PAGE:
Tara Mangini and Percy Bright of Jersey Ice Cream Co. have an effortlessly cool vibe that’s evident in the unfussy yet curated spaces they create. Think Pin-worthy without trying to be Pin-worthy. The duo founded their design firm in 2010 out of a shared love of vintage, found objects. “Neither one of us went to school for interior design. We each spent some time in advertising and graphic design before finding our way to interior design through a mutual love of flea markets, plaster wall finishes, and historic preservation.” With their signature use of textured plaster walls and reclaimed wood furniture, they’ve nailed the Hudson Valley, upstate farmhouse look – but with a hint of Brooklyn.
To achieve that highly coveted, lived-in look, the duo literally move in. A version of method acting for design, Tara and Percy spend the length of their projects as modern-day nomads: they sleep on mattresses on the floors of their in-progress houses, and cook their meals in makeshift kitchens. Through their unique design process, they’re able to feel where the light hits best in the morning, or find the coziest reading corners. “Living where we work started out of necessity – both to keep costs down and because we often work on pretty isolated vacation homes – but it’s turned into a signature of ours,” the duo explains.
Here, Tara and Percy give us the lowdown on how they strike that perfect balance between a rustic farmhouse feel and modern-day living, and share their picks for getting the look.
Lesson No. 1: Find the Perfect Farm Table
According to Jersey Ice Cream Co., the key piece for creating that farmhouse feel is “a long wood dining table for big dinners that spill late into the night.” Tara and Percy are all about versatile, welcoming spaces that beg for larger gatherings with family and friends, but that also lend themselves to working or enjoying a solo cup of coffee. The farm table is the perfect, unfussy blank canvas.
Lesson No. 2: Incorporate Vintage
“Vintage pieces instantly add layers of history and character, and a unique quality that you just don’t get from new, store-bought pieces,” says the duo. Look for the vintage and antique finds that immediately jump out, but also dig for those subtler treasures that can help elevate your entertaining game or magically invigorate an old leather chair. “We’re always searching for the tiny details that will complete a look,” says Percy. “Tara is a perpetual sucker for throw pillows, dishtowels, cupcake accessories and vintage ramekins. I love an amazing brass tray or shoe horn.”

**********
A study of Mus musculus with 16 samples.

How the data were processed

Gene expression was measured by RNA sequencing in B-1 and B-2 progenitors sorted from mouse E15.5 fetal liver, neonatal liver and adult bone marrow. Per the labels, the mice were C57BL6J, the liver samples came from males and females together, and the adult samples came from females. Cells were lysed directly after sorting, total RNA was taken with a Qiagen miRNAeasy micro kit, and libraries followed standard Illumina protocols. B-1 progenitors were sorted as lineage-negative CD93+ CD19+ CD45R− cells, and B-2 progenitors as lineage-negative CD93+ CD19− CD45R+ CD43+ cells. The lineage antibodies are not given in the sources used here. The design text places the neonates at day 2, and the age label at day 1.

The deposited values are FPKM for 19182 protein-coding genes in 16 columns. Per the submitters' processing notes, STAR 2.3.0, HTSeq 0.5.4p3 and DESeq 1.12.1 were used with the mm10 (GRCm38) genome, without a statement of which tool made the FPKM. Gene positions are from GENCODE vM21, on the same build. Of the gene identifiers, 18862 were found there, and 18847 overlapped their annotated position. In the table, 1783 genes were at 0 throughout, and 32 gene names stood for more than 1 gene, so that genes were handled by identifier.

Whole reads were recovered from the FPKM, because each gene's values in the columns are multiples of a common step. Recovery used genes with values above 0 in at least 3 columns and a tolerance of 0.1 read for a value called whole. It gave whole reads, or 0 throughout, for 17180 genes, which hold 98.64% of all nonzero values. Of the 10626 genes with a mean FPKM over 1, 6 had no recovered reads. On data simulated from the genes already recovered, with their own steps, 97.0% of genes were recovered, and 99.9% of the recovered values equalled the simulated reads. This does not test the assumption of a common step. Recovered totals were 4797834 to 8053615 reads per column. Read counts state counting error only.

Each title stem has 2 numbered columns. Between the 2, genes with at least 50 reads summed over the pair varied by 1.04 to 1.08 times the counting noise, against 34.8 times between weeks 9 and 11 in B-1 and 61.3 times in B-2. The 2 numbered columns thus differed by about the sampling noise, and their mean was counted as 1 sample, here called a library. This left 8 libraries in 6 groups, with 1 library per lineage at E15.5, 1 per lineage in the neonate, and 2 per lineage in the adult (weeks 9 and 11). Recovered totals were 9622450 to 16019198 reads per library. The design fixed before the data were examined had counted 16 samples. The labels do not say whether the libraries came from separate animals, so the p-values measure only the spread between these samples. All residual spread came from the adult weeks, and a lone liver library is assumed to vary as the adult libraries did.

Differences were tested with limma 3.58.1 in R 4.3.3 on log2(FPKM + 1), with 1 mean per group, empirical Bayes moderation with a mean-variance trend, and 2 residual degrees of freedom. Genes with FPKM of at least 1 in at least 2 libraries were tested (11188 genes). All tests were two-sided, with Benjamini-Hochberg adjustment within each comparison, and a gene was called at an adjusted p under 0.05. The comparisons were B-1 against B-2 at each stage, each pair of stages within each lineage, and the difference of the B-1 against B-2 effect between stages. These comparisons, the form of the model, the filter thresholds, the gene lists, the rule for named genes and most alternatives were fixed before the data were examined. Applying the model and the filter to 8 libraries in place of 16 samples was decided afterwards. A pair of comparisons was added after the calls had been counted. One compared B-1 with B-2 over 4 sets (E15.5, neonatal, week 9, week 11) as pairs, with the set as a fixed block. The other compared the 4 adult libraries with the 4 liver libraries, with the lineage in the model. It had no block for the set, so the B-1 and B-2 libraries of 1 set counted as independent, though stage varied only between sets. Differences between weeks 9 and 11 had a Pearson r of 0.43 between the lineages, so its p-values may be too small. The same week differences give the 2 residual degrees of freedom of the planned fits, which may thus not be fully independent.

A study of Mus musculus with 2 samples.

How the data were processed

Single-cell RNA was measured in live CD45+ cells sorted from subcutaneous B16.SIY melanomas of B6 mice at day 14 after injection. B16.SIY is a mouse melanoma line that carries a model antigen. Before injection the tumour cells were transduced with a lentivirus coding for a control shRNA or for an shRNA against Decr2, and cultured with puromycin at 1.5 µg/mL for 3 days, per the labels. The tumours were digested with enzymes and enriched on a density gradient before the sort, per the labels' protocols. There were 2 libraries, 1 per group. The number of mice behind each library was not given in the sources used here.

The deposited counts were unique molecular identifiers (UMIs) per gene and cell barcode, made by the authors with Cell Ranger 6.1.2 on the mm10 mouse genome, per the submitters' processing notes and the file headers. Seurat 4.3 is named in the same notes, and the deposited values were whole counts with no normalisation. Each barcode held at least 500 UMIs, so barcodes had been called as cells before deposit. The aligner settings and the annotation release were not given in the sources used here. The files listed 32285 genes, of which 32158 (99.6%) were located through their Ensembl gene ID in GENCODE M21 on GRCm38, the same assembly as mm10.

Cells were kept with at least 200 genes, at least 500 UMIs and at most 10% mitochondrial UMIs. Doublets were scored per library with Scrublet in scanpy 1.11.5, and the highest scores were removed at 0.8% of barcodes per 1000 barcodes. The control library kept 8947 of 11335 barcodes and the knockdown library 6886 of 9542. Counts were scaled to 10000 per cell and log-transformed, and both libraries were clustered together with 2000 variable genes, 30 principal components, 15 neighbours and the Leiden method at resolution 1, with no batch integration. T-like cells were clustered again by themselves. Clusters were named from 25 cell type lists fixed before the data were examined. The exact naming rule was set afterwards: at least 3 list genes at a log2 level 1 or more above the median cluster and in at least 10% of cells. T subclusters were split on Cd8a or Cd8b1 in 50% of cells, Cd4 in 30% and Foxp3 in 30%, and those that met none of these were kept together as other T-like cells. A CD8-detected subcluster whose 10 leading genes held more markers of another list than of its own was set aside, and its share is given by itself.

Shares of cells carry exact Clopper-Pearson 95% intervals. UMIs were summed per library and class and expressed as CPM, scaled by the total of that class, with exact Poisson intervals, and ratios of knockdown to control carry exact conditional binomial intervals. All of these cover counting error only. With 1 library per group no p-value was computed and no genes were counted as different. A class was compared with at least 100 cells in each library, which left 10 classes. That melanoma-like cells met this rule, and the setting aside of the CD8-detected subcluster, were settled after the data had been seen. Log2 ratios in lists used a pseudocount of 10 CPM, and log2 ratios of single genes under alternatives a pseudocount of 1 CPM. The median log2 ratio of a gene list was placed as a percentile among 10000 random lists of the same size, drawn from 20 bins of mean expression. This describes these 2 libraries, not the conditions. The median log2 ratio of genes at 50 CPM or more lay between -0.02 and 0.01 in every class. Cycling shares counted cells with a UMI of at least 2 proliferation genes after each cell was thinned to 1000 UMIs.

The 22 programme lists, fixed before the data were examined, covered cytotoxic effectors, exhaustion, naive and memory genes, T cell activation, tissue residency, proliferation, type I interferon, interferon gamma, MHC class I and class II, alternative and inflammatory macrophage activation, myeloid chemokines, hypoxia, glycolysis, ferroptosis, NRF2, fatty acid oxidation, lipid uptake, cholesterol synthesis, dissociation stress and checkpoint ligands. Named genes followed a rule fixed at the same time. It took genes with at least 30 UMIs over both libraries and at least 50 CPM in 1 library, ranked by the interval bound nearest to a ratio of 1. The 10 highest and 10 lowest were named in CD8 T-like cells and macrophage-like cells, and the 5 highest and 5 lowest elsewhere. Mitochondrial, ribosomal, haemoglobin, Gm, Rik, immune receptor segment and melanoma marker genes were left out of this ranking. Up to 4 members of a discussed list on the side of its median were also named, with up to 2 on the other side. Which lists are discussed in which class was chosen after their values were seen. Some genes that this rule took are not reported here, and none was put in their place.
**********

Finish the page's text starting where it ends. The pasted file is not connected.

Lesson No. 3: Display Your Finds with Open Shelving
“We always gravitate toward the kitchen. We spend the most time there and, because of that, always put more thought into designing the kitchen than any other room,” says the duo. Tara and Percy are big on open shelving. “To be honest, we just don’t usually like how wall cabinets look,” admits the designers, who often use beadboard and a Shaker peg rail or two to dress up simple shelves. To bring their look home, try displaying rather than storing cutting boards and copper cookware, and fill open shelving with stacks of simple whiteware, everyday clear glasses, and a carefully chosen sprinkling of ceramics in subtle, soothing hues.
Lesson No. 4: Opt for Traditional Design Elements
Jersey Ice Cream Co. has a knack for honoring the character of the homes they work on, retaining details like original beams and paned windows, while adding modern conveniences that make their spaces feel decidedly now. For instance, in the the bathrooms they design, “We try to avoid glass partitions, brand new sinks and tubs, and super trendy tile designs,” instead opting for classics like subway tile and vintage clawfoot tubs. When brand-new features, such as fixtures, are needed, they suggest using vintage-inspired options to retain that historical feel. “We’re big fans of quality faucets in traditional designs from Waterworks and Lefroy Brooks.”
Lesson No. 5: More Texture, Less Color
Plaster walls have become something of a calling card for Tara and Percy, but the texture doesn’t stop there. Weathered wood furniture and door details are combined with nubby throws and pillows to create a layered look that’s soothing but still boasts tons of visual interest. Using a neutral palette is what gives the duo so much room to experiment with texture. “Some rooms come together quickly–maybe we even know where each thing will go before we begin installing – but other rooms take time and hours of experimentation to achieve a rich layered look that feels right.”
LOVE THE FARMHOUSE LOOK?
Photos courtesy of Jersey Ice Cream Co.